Can artificial sweeteners help people reach and maintain a healthy body weight? Maybe, according to two major medical societies.
A scientific statement issued by the American Heart Association and the American Diabetes Association concluded that using non-nutritive sweeteners could cut down on added sugars and therefore lead to beneficial effects.
But an extensive literature search found sketchy, limited, and often contradictory evidence, researchers concluded in Circulation: Journal of the American Heart Association and Diabetes Care.
That reduction "could help you attain and maintain a healthy body weight, and thereby lower your risk of heart disease and diabetes," Gardner said in a statement.
But any beneficial effects, the researchers noted, could be undone if people "compensate" for the calorie cuts by eating more high-calorie foods – drinking a diet soda, for example, and then having an extra piece of cake later.
A high intake of dietary sugars has been shown to contribute to cardiovascular disease and obesity, which can lead to the development of diabetes. In 2009, the American Heart Association recommended a population-wide cutback in added sugars in foods, urging that women eat no more than 100 calories a day and men no more than 150 calories daily of added sugars.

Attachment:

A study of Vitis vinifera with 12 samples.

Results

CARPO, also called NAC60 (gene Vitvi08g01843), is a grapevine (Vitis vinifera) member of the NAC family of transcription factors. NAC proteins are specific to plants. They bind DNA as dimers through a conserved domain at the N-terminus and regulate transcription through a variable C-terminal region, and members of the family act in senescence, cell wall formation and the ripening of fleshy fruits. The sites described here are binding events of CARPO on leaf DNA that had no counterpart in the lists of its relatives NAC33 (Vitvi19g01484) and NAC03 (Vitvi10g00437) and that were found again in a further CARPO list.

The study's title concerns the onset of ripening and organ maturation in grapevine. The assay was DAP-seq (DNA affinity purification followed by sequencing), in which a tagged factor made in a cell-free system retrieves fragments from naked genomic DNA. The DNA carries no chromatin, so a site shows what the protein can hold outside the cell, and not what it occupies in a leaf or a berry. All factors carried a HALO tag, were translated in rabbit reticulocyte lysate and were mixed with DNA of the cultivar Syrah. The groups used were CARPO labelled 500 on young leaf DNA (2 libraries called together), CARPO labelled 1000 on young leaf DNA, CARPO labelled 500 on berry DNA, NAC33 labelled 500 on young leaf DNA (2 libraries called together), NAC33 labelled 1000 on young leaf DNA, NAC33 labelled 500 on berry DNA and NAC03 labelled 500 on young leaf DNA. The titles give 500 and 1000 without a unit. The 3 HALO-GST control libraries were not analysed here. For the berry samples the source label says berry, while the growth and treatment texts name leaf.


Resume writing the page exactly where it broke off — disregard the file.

For this analysis, the researchers looked at studies of the non-nutritive sweeteners aspartame, acesulfame-K, neotame, saccharin, sucralose, and stevia.
Few studies have looked directly at whether non-nutritive sweeteners can replace added sugars in the diet, the researchers found, although there are data about their effects on such things as obesity and cardiovascular disease.
But those data are inconclusive. In several studies, use of the substances was associated with unwanted outcomes, such as obesity, presumably because of reverse causation – those using the sweeteners were doing so because they already were overweight.
On the other hand, some people might clearly benefit from drinks and foods that replace sugar with non-nutritive sweeteners, according to co-author Diane Reader of the International Diabetes Center in Minneapolis, Minn.
"For example, soft drinks sweetened with non-nutritive sweeteners do not increase blood glucose levels, and thus can provide a sweet option for those with diabetes," Reader said in a statement.
But she cautioned that "just because a food product includes a non-nutritive sweetener" does not mean that it is healthy.
Reader added that non-nutritive sweeteners can be an important part of controlling carbohydrate intake in order to manage weight and control diabetes.
The researchers noted that the effect of non-nutritive sweeteners has to be considered in the context of the overall diet.
"Strategies for reducing calories and added sugars also involves choosing foods which have no added sugars or non-nutritive sweeteners – such as vegetables, fruits, high-fiber whole grains, and non- or low-fat dairy," Gardner said.